Rabbi Sacks: Labour anti-Semitism an existential threat to Jews

Former Chief Rabbi of Britain says UK Jews may leave country if Labour's Jeremy Corbyn becomes PM, says anti-Semitism 'existential threat'.

David Rosenberg,

Rabbi Jonathan Sacks
Rabbi Jonathan Sacks
REUTERS

Former British Chief Rabbi Jonathan Sacks doubled down on his attack on the UK Labour Party, warning Sunday that the rise of party chief Jeremy Corbyn threatened the future of the Jewish community in Britain.

Last week, Rabbi Sacks excoriated Corbyn in an interview with the New Statesman, calling the Labour Party leader an “anti-Semite”, following a string of scandals involving allegations of anti-Semitism.

“We have an anti-Semite as the leader of the Labour Party and her majesty’s opposition. That is why Jews feel so threatened by Mr. Corbyn and those who support him.”

Labour rejected the accusation, calling Rabbi Sacks’ comments “absurd and offensive”.

“This comparison with the race-baiting Enoch Powell is absurd and offensive. Jeremy Corbyn described a particular group of pro-Israel activists as Zionists, in the accurate political sense, not as a synonym or code for Jewish people,” a spokesperson for Labour said last Wednesday.

But on Sunday, Rabbi Sacks reiterated his claims, warning that if Jeremy Corbyn were ever to take the premiership, much of the British Jewish community would feel compelled to leave the country.

Speaking on The Andrew Marr Show on Sunday, said that Corbyn and his backers were in danger of “of engulfing Britain in the kind of flames of hatred that have reappeared throughout Europe.”

"There is danger that Jeremy Corbyn may one day be prime minister,” continued Rabbi Sacks, “and I'm afraid that until he expresses clear remorse for what he has said and what his party has done to its Jewish sympathizers as well as its Jewish MPs, then he is as great a danger as Enoch Powell was,” referring to the controversial Conservative MP whose 1968 anti-immigration “Rivers of Blood” speech against the 1968 Race Relations Bill led to his removal as Shadow Secretary of Defence.

Rabbi Sacks said that the possibility of a Corbyn government amounted to nothing less than an “existential threat” to the British Jewish community.

“Jews have been in Britain since 1656 - I know of no other occasion in these 362 years when Jews, the majority of our community, are worrying, ‘Is this country safe to bring up our children?’”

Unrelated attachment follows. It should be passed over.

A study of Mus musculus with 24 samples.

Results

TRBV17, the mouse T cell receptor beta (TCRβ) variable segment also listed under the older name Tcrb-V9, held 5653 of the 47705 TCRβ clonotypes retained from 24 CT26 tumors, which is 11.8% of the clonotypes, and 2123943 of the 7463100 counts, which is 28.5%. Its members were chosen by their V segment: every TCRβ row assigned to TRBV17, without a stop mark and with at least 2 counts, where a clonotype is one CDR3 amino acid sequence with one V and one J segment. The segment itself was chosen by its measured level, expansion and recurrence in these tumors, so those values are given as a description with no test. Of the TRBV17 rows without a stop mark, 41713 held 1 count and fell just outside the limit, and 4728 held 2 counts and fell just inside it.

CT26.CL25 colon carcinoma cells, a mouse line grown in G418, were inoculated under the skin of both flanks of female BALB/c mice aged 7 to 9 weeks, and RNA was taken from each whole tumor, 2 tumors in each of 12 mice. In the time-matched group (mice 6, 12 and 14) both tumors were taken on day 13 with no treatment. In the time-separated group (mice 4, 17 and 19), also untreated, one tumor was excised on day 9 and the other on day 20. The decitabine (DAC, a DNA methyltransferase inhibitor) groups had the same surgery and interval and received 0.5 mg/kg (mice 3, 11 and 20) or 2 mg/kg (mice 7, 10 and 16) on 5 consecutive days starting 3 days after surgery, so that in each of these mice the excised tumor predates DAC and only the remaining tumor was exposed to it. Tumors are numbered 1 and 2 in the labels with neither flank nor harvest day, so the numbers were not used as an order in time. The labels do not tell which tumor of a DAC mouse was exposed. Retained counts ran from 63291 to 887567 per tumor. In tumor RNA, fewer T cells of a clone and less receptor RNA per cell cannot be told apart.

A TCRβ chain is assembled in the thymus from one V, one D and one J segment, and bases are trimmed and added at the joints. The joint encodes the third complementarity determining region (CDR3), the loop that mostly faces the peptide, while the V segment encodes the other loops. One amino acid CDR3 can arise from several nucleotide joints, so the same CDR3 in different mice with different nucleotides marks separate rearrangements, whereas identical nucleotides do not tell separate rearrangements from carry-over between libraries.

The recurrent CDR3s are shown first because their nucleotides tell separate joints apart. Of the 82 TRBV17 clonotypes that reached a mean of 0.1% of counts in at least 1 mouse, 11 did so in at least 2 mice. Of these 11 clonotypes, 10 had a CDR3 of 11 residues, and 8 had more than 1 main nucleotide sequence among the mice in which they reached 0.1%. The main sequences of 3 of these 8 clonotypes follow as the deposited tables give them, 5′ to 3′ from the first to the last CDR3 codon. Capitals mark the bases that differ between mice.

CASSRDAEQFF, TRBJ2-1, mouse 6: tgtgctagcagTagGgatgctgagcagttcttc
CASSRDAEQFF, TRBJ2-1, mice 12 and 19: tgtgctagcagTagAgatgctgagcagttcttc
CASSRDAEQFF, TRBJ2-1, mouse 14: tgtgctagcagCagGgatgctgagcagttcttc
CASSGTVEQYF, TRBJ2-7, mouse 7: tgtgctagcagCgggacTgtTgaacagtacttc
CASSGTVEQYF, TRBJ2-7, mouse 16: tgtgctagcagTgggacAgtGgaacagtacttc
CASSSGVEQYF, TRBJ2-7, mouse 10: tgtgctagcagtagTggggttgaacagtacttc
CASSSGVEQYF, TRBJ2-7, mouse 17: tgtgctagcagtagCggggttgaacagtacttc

“Now this is very, very worrying and there is only one word for this, that is anti-Semitism. When people hear the kind of language that’s been coming out of Labour, they cannot but feel an existential threat.”

The Labour Party has been embroiled in a seemingly unending string of controversies revolving around accusations of anti-Semitism in recent months.

Veteran Labour lawmaker, MP Frank Field, resigned from the Labour Party’s parliamentary caucus, accusing the party’s leadership of becoming a “force for anti-Semitism”.

Last week, it was revealed that in 2010, Corbyn had claimed that Israeli officials dictated the speeches made by British MPs.

In August, the Daily Mail published photos of the Labour leader at a cemetery in Tunisia holding a wreath near the graves of some of the Palestine Liberation Organization (PLO) terrorists who were responsible for the massacre of the 11 Israeli athletes at the 1972 Munich Olympics.

Days later, a picture emerged of Corbyn apparently making a salute linked to the Muslim Brotherhood organization.

That week, the Times of London published a picture of Corbyn meeting with the leader-in-exile of the Popular Front for the Liberation of Palestine (PFLP) terrorist organization, only weeks before its members carried out an attack on a Jerusalem synagogue in which six people were murdered.

Two weeks ago, it was revealed that Corbyn attended a conference with a convicted Hamas leader who was jailed in Israel for his role in orchestrating a string of terrorist attacks that killed more than 100 people between 2001 and 2002.

Later, he came under fire after the Daily Mail published a clip of Corbyn accusing a group of Zionists of having “no sense of English irony”, despite “having lived in this country for a very long time”.